This month’s Pulham post looks at the story of local sculptor Charles Giddings. Giddings produced sculptures for international clients including Boston Cathedral in the USA and the National Art Gallery, Ottawa. He carved many of England’s WWI memorials and also produced models of famous people. Locally his works included busts of King George V and King George VI which stood in the former Clock House and are now on display in the Museum. He also designed a number of garden pieces for Pulham & Son.
Giddings was born in 1870 in Wiltshire. When he was 20 he went to London to study at the Westminster School of Art. He settled for a time at Wandsworth where his first two children were born, before moving to 34 Amwell Street, Hoddesdon in 1910.
Giddings’ designs for Pulham & Son are listed in the company’s 1925 ‘Catalogue of Garden Ornaments’, a key resource for anyone researching the history of the firm. The first featured piece is a kneeling figure carrying a bowl, shown in the catalogue as an illustration, and below in real life.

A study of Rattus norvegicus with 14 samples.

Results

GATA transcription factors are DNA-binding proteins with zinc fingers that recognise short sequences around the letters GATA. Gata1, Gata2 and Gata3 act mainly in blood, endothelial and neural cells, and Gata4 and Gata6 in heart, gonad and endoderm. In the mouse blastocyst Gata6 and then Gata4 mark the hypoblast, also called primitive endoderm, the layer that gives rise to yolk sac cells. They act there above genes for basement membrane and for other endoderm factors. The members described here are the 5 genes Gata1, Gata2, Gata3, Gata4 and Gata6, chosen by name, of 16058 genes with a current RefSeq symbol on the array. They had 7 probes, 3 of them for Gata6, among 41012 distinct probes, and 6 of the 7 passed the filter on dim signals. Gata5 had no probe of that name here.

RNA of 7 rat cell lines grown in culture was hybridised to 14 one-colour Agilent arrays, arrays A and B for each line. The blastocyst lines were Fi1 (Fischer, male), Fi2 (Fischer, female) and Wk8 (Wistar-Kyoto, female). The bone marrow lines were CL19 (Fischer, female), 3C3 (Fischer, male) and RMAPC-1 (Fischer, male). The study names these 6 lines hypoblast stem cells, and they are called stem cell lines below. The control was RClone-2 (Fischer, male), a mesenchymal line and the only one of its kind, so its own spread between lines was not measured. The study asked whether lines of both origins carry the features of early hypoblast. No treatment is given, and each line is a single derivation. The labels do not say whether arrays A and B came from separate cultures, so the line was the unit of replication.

Giddings also designed the company’s ‘Flora Sundial’ and a special ‘Giddings figure’ that could be bought separately or as part of the ‘Giddings Fountain’.
His largest creation for the firm was the statue of Mercury for a fountain at Madresfield Court in Malvern, made famous as the set for Brideshead Revisted. The statue is 11 feet tall and has had to be removed from the fountain for safety reasons.
Giddings died on 5 November 1946 and his obituary appeared in the Hoddesdon Journal. When you visit the Museum you can see his busts of King George V and VI in the Petter Gallery, and artefacts relating to Giddings will also be on display in the Pulham exhibition launching 14 January 2017.